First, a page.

Well, that reverie didn't last long.
Illini basketball thought it was pretty hot shit for a few days there. Wednesday night against a .500 St. Bonaventure team, Illinois slurried from its brief flirtation with solidity.
Forgetting about the giant, NBA-bound athletic freak in the paint, the Illini devolved into a slippery slop not seen since... Cancun? Any Penn State game? Every year since Dee left?
Actually, every year since Deron left.
The disease is familiar. The cure continues to elude Bruce Weber.
Hey, I gave the man props on Saturday. Gonzaga was a beautifully coached game. Wednesday night, it was Noo Yawka Mark Schmidt who shined on the sidelines. His Bonnies were beautiful. Their game plan was simple, but sound.
On defense, the Bonnies denied the post. Whether double or triple-teaming Meyers Leonard, they challenged Illinois to run baselines and chuck threes. The Illini were happy to oblige.
The Bonnies ran a fairly simple motion offense. It led to numerous open shots, but also created opportunities for forward Andrew Nicholson to jig-step his way through Illini defenders. There was a lot of that.
The Bonnies lost because one Illini, a mellow suburban kid, finally figured it out.
Most people will tell you the play-of-the-game was one of Brandon Paul's drives to the rim. Sure, that's what saved the Illini from humiliating defeat. But Brandon recognized the genesis of his heroics.
The true play of the game was a sequence. It took 50 seconds to unfold. At 1:48, Nicholson tied the game at 43. The Illini, having just rallied from a 39-30 deficit, kept right on doing what got them the lead reverted to headless chicken.
Rather than feed the ball to the post, rather than drive it inside, the Illini chucked a couple of threes. Both missed, as did 19-of-26 attempts. With each miss, that NBA-bound athletic freak leapt 13 feet into the air to swat the ball out toward the perimeter, keeping the possession alive.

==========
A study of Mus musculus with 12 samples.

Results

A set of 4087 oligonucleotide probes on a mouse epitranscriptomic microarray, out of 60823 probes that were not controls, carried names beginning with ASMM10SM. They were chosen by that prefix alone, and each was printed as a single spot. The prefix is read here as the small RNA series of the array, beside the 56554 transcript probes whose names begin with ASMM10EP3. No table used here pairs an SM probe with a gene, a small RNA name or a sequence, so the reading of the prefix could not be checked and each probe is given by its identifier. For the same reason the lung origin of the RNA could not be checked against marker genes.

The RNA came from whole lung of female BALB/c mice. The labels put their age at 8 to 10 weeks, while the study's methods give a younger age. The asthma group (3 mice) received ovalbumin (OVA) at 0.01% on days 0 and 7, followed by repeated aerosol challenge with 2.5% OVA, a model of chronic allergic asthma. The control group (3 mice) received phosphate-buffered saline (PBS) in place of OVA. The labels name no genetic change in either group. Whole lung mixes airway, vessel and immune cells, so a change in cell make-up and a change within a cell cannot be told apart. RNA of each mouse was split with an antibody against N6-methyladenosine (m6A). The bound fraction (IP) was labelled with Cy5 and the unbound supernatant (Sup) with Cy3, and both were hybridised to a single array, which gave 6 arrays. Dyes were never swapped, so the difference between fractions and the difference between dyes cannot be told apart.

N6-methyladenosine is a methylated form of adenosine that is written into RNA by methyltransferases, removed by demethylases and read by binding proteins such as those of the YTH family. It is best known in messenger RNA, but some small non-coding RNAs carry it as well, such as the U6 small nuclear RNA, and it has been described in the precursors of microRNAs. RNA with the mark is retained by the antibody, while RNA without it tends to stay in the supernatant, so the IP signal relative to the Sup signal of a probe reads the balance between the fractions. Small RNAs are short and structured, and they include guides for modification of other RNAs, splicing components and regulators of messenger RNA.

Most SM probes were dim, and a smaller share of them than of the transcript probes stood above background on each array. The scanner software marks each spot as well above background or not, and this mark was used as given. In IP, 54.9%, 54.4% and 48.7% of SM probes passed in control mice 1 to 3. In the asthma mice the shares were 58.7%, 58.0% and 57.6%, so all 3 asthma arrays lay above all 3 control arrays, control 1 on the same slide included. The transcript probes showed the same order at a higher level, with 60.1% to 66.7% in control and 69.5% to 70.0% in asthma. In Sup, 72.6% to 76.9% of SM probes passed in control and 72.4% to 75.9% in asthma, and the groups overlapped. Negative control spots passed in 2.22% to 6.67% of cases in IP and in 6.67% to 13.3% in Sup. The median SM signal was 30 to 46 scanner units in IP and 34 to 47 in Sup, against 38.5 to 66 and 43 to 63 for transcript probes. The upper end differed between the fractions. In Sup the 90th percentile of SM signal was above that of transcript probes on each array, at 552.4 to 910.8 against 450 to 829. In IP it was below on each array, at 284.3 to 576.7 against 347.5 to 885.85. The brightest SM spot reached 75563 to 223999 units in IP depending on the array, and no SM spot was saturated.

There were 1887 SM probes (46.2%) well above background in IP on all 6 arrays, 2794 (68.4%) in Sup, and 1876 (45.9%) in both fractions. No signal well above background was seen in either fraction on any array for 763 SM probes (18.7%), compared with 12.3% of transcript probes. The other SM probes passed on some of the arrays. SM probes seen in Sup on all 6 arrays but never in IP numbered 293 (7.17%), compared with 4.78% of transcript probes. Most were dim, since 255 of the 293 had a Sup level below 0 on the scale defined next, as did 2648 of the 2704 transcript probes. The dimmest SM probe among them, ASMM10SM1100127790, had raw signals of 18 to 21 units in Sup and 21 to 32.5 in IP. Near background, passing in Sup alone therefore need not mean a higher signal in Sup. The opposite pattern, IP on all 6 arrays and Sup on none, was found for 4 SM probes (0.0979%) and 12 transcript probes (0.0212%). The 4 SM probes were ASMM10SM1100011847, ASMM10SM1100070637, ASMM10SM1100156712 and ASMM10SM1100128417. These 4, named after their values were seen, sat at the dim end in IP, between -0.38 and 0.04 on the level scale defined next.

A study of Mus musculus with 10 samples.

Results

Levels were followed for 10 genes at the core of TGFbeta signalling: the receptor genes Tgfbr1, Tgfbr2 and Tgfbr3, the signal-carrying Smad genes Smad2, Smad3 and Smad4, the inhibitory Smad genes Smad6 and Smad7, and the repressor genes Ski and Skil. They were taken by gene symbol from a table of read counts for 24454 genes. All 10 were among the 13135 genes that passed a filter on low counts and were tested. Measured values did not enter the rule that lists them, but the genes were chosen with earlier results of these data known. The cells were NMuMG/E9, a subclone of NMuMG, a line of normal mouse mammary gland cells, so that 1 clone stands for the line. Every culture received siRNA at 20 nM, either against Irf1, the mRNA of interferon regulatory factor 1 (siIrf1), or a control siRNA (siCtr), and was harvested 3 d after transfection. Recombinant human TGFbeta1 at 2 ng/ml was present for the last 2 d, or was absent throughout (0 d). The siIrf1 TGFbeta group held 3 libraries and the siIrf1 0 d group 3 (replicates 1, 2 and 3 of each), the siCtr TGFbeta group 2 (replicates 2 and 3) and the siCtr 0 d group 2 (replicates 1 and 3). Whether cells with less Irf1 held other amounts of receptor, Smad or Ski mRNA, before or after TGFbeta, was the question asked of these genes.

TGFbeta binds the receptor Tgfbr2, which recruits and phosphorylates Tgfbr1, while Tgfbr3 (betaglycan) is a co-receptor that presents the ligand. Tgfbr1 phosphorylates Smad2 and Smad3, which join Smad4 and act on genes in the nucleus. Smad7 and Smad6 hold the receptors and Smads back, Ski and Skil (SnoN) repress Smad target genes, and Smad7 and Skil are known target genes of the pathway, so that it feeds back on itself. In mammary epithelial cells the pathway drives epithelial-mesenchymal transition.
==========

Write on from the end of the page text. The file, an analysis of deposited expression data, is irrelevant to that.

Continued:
Perhaps sensing something special about this athlete, the other members of the Illini squad fed the ball back to him. And with :58 remaining, Meyers Leonard attempted his third field goal.
See for yourself:
Meyers swatted as many O-bounds as he attempted shots. That's an appalling statistic.
As the Weber administration tries to persuade teen-aged bigs to believe this program can change, can develop post players, can stop throwing them under the bus, can resist playing them out of position, can get them to the NBA ... really! Just give them a chance! ... perhaps the worst outcome is that Meyers left the Assembly Hall frustrated. SID staff said he wasn't feeling well, and wouldn't want to talk. Interpret that as agitprop or perestroika, it's your choice.
In the players' post-game press conference, I asked whether Bruce Weber ever told the players to simply stop shooting threes. DJ Richardson said no.
But despite DJ's contrition about shooting the long ball, the players seemed humbled and humble about this awful win. Their coach did not.
Bruce Weber's take on this game perplexed me. He regarded it as a no-big-deal early-season learning experience.
A 4/5ths-full arena sat on its hands. It did not contemplate buying more tickets. For most of the second half, it did not enjoy its experience. It dreaded.
I thought Weber's reaction was weird. I'm going to guess that the usual "anti-Weber" suspects will agree with me that it was weird (although they'll probably use stronger adjectives). I also presume that the "Weber First Fans" will find nothing but positives in the calm direction of Fearless Leader.
Here it is.
This game should be a learning experience, just as coach Weber suggests. But when will they learn?
I don't mean Sam, Brandon and DJ. I mean the coaching staff. This game is not an anomaly. It's hauntingly familiar. Maybe Wednesday's close shave was the players' fault, as Bruce Weber has suggested over the years. But even if that were true, it doesn't help. To be successful, this staff would eventually have to change the way it prepares players.
Problems at the post come in many flavors. Eventually we'll have to stop blaming James Augustine for being foul prone, Shaun Pruitt for bad attitude, Mike Tisdale for weakness.
There's a million dollar baby lurking just inside the paint. Whatever it takes, even if you have to draw up some god damn set plays: Get him the fucking ball already.